Today is the 60th anniversary of the death of James Dean. Whether you’re a fan of Dean’s or not (I am not, particularly, though it would have been nice to see where he would have gone), there’s no question that he is one of the key figures that helped create the myth of the movie star as icon, partly by dying way too young and just as his talent was beginning to blaze across the screen. His legend received an assist via a propitiously timed photo essay in Life magazine in 1955 — which appeared just months before Dean’s death but probably would have given Dean a similar boost even if he were still alive today — that offered an intimate look at a young actor on the edge of fame. It included that famous — well, iconic — photo of Dean hunched over in the rain in Times Square, smoking a cigarette. Life is the story of how that photo came to be, and it ends up a smart, wistful exploration of art, ambition, celebrity, and the unhappy crossroads where they clash.
The real James Dean photographed by the real Dennis Stock in 1955.
Dennis Stock is a freelance photojournalist when he meets Dean in Los Angeles in early ’55: the young, still mostly unknown actor is currently waiting to hear whether Nicolas Ray will cast him in the director’s upcoming Rebel Without a Cause. But after Stock attends, at Dean’s invitation, a press preview of the about-to-open East of Eden, featuring Dean’s breakout role, the photographer sees instantly that there is an exciting freshness to Dean, one he wants to document. “You’re doing something else,” says Stock to Dean here. “It’s not Hollywood.” And Stock is very, very tired of “Hollywood”: the fluff of red carpets and the emptiness of celebrity “journalism” are not what he had planned to make his life’s work. Just as Dean does, he dreams of making good art.
There’s something especially, satisfyingly “not Hollywood” in Life director Anton Corbijn (A Most Wanted Man, The American) casting Robert Pattinson — who could plausibly be considered something of a modern James Dean — not as the actor but as the photographer: the unpleasant side of celebrity is something Pattinson knows far too well, and his presence here adds layers of appealing irony. As with Dean himself, you don’t need to be a fan of Pattinson’s (Maps to the Stars, Cosmopolis) to see that his career is a different kind of case study: in the meteoric rise to fame followed by what looks like a horrified (and too-late) appreciation of what fame is going to do to one’s life and work. (I am a fan of Pattinson’s, though I’m still trying to pinpoint precisely what is so intriguing about him. I suspect it’s too early to tell, perhaps because he’s still trying to figure out what he wants; I’m happy to give him another few years of fumfering around, because what he’s doing along the way is so weirdly interesting.) So here, the reluctance of Dean (portrayed with a pensive poignance by the always fantastic Dane DeHaan [The Amazing Spider-Man 2, Devil’s Knot]) to embrace the celebrity he sees barreling toward him takes on an extra significance beyond our knowledge about what fate awaits the actor. It’s a bit of a cautionary tale for our culture today, in which so many people seem to clamor for fame without realizing what price it exacts.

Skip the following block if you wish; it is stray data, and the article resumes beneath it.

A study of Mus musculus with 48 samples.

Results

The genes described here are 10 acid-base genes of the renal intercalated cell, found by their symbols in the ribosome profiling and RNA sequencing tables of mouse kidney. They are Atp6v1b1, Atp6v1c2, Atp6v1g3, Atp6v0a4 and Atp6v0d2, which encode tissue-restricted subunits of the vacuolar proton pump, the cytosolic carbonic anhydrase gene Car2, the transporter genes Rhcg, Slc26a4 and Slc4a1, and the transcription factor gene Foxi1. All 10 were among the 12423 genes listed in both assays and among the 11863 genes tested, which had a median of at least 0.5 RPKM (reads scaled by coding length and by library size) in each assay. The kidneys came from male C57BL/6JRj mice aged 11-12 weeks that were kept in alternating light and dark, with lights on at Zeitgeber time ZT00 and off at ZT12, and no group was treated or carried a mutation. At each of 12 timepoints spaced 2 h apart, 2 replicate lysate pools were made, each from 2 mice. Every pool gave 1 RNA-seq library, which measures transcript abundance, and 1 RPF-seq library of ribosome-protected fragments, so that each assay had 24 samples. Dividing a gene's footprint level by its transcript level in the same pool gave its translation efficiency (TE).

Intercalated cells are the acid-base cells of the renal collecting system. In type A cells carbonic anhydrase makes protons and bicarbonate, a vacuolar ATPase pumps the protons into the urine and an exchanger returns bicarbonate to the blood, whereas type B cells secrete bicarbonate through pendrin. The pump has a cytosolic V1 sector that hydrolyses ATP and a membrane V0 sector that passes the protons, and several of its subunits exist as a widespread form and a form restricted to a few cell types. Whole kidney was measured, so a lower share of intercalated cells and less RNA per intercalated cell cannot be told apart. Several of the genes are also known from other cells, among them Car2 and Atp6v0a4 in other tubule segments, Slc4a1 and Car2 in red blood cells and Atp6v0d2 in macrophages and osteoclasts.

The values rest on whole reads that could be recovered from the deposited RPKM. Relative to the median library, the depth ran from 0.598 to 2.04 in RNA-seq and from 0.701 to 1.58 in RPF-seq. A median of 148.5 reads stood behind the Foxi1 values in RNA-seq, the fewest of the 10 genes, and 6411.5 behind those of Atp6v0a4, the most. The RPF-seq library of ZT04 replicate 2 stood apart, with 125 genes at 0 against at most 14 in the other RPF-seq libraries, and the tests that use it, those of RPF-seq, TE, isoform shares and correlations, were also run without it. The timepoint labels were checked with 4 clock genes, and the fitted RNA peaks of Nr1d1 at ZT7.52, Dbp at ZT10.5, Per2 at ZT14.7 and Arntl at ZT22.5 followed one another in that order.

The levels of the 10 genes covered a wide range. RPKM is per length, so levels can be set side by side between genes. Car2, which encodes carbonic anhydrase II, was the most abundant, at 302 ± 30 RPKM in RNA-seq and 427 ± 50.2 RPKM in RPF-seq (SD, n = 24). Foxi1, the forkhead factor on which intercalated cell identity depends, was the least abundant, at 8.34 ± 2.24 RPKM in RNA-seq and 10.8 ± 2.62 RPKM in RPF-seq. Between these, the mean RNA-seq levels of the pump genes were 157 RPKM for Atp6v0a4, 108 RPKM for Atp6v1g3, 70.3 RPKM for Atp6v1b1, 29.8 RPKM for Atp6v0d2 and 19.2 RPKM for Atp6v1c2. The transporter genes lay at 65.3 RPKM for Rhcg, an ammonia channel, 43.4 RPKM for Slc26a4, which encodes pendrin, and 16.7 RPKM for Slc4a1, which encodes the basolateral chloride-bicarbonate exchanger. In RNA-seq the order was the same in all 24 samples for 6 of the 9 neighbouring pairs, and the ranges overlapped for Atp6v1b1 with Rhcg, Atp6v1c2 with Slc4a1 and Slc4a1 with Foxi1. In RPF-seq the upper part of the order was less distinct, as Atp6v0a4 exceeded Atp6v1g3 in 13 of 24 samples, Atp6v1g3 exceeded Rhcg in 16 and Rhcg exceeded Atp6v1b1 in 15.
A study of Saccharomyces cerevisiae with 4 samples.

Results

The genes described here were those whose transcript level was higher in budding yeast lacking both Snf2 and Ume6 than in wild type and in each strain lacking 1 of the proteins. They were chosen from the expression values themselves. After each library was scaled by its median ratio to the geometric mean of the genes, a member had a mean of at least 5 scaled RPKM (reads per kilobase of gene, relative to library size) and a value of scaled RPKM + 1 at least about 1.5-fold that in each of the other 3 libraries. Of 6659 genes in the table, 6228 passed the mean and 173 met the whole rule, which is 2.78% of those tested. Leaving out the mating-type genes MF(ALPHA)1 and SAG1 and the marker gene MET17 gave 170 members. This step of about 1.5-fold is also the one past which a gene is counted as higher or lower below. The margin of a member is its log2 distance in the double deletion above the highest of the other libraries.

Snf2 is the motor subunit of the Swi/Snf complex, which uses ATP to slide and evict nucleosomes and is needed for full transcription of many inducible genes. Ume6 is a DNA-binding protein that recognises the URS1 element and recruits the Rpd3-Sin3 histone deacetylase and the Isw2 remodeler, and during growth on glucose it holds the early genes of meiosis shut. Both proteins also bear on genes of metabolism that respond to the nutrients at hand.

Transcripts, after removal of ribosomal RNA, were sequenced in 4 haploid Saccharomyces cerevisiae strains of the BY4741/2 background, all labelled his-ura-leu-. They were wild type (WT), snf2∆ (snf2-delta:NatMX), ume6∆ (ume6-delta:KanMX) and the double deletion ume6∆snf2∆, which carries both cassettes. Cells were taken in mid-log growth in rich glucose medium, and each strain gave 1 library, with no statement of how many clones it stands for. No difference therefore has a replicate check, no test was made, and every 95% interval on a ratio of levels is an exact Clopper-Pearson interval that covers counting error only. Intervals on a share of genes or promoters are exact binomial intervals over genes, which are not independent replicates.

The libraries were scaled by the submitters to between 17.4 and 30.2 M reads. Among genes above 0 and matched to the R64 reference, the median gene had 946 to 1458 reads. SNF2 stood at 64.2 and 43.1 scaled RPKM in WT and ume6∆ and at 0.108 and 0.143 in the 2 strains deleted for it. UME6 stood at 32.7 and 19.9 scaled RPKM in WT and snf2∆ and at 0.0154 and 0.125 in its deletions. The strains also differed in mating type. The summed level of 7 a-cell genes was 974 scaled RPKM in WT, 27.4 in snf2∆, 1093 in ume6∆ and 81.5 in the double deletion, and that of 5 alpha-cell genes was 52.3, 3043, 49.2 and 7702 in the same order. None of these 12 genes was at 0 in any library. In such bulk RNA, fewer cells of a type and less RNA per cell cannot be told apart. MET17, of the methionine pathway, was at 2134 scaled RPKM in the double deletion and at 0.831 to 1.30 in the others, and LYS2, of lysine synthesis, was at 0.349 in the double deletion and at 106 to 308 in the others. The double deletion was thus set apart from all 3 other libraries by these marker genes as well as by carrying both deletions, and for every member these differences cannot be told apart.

There’s so much subtle and compelling going on in Life! Little hints here and there create the melancholy suggestion that Dean’s ambivalence toward fame approaches something of an unconscious death wish: a studio chief (Ben Kingsley: Self/less, Exodus: Gods and Kings) suggesting that “whatever’s gonna happen” to Dean won’t “happen by accident”; an agent (Kristian Bruun) telling Dean, “You gotta play the game,” meaning “do the PR,” when clearly he actually doesn’t, and often won’t. I don’t mean that to sound like a crude indictment of Dean, or that the movie is placing any sort of blame on him for his own death: the film ends as Dean, having of course gotten that Rebel role, flies off to Hollywood to shoot the film, and hence doesn’t get anywhere near his death. But he flies off on a beautiful silver airplane into sunstreaked clouds, in fact. The entirety of Life serves as a retro premonition of Dean’s doom — if not literal than at least definitely metaphorical — as, perhaps, inevitable, which itself serves as a gloomy condemnation of the fact that, at least for some in Hollywood, following one’s bliss and wanting to do “good stuff” is a path that leads less to happiness the more “successful” one is.